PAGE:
Monday, September 27, 2010

FDIC Board Proposes Rules on Temporary Unlimited Deposit Insurance Coverage for Noninterest- Bearing Accounts

This is interesting.

The Federal Deposit Insurance Corporation (FDIC) Board of Directors today approved the issuance of a proposed rule to implement provisions of the Dodd-Frank Wall Street Reform and Consumer Protection Act to provide depositors at all FDIC-insured institutions unlimited deposit insurance coverage on noninterest-bearing transaction accounts beginning December 31, 2010 through December 31, 2012.

"In October 2008, the FDIC instituted a program providing unlimited protection for noninterest- bearing transaction accounts at participating banks and found it to be highly successful in providing stability at those institutions during one of the most severe economic downturns in our history," said FDIC Chairman Sheila C. Bair. "The Dodd-Frank provision is different from the FDIC's program but continues the purpose of that program as we emerge from the economic crisis."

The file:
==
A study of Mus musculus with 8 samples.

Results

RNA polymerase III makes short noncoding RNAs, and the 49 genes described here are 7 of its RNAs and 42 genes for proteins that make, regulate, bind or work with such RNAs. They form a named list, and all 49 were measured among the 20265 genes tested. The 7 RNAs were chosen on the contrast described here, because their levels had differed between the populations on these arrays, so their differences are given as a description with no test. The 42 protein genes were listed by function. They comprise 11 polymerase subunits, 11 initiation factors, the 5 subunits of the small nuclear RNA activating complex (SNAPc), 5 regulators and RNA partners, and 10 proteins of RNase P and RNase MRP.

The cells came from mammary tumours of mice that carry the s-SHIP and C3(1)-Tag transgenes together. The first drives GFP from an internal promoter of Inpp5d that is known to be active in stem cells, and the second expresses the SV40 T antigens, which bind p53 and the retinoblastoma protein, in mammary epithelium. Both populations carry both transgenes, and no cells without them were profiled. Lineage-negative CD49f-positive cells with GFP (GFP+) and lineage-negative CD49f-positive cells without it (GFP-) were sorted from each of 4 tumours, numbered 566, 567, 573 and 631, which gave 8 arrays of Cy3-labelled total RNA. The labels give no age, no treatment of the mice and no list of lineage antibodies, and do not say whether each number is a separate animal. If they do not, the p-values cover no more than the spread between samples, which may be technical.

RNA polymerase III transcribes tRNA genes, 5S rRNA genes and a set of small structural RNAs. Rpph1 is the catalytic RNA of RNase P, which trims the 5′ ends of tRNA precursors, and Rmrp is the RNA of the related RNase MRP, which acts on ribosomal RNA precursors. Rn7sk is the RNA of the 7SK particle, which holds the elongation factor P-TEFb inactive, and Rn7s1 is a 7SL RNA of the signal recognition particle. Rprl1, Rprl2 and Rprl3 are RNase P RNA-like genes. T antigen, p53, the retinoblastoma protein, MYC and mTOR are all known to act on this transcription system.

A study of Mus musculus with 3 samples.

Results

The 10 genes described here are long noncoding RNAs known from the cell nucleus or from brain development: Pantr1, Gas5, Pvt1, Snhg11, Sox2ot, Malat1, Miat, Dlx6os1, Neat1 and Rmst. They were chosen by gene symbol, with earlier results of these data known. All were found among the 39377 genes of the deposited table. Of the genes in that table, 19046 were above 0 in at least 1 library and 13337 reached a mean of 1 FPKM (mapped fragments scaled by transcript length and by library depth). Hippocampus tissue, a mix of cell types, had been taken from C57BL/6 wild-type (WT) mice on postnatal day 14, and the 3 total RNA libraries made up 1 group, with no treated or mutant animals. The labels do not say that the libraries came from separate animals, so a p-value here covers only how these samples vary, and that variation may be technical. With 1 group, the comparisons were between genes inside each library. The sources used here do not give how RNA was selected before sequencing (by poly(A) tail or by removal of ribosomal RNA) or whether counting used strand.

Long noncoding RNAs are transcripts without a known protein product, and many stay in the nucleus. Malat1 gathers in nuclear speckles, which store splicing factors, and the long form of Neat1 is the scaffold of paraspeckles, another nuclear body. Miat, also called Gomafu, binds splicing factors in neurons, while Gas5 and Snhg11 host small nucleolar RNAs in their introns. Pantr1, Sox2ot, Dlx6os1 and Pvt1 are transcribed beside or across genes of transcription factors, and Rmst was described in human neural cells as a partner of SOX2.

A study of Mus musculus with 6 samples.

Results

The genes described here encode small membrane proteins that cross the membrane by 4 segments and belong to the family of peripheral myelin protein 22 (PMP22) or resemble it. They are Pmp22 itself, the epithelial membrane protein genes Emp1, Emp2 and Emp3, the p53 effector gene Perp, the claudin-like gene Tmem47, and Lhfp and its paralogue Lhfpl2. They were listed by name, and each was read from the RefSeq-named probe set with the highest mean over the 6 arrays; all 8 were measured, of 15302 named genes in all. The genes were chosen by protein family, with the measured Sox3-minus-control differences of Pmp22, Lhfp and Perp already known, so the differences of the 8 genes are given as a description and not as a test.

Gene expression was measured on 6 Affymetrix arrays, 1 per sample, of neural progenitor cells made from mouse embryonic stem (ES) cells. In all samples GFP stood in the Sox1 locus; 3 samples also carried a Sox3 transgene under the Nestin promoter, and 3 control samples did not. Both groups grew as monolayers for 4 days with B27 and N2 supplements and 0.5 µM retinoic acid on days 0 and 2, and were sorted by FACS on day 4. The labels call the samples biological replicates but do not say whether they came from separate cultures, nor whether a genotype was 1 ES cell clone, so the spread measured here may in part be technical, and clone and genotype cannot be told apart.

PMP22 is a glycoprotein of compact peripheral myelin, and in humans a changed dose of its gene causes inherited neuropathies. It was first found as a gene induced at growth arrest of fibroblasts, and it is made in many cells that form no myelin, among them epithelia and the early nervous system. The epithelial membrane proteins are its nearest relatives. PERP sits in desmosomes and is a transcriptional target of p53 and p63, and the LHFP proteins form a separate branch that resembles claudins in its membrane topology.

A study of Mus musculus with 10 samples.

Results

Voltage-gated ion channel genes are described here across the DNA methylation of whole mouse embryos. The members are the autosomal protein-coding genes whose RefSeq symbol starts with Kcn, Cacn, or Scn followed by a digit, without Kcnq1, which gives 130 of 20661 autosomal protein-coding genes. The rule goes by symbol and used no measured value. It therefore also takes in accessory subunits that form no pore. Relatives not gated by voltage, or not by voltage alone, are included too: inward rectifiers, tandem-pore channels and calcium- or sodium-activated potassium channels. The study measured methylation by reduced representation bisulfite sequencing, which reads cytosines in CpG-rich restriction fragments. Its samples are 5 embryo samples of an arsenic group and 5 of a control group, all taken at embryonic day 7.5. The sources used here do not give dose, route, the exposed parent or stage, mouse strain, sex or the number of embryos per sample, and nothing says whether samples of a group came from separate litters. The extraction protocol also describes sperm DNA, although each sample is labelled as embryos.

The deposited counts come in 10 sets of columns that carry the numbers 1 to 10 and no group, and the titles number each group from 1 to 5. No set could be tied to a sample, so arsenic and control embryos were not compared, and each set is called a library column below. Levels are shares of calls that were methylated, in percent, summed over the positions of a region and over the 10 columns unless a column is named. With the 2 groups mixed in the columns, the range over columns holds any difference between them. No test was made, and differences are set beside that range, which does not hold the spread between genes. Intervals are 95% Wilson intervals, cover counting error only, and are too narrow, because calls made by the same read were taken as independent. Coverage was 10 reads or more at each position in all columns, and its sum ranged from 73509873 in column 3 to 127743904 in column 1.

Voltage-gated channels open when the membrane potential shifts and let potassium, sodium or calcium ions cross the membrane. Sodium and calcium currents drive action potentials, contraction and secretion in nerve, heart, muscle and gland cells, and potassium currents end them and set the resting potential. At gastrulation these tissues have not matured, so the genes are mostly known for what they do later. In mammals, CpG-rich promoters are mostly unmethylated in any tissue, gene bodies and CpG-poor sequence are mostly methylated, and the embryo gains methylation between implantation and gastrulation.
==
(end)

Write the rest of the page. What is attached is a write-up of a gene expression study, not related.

Under the proposal, the FDIC will create a new, temporary deposit insurance category for noninterest-bearing transaction accounts. These accounts are primarily checking accounts used by businesses for payrolls, accounts payable and other purposes.

Unlike the FDIC's voluntary Transaction Account Guarantee ("TAG") Program, which will expire at the end of this year, the Dodd-Frank provision will apply at all FDIC-insured institutions and it will cover only traditional checking accounts that do not pay interest. The proposed rule emphasizes that, starting January 1, 2011, low-interest consumer checking accounts and Interest on Lawyer Trust Accounts (IOLTAs) (currently protected under the TAG Program) will no longer be eligible for an unlimited guarantee.
The FDIC will be accepting comments on the proposed rule through October 15, 2010. The shorter than usual comment period is, according to the FDIC, necessary to give insured institutions adequate time to implement the notice and disclosure requirements by December 31, 2010.
That this is expanded just for non-interest rate accounts means that Alan Blinder can continue to do an end-around FDIC regulations and continue to get insure FDIC insurance for the multi-millions of the super rich, while they earn interest.
Bottom line: The only people who will not be insured after this rule is implemented will be those of moderate wealth seeking to earn a little interest on their funds, but who don't know Alan Blinder and thus are exposed to risk of bank failure.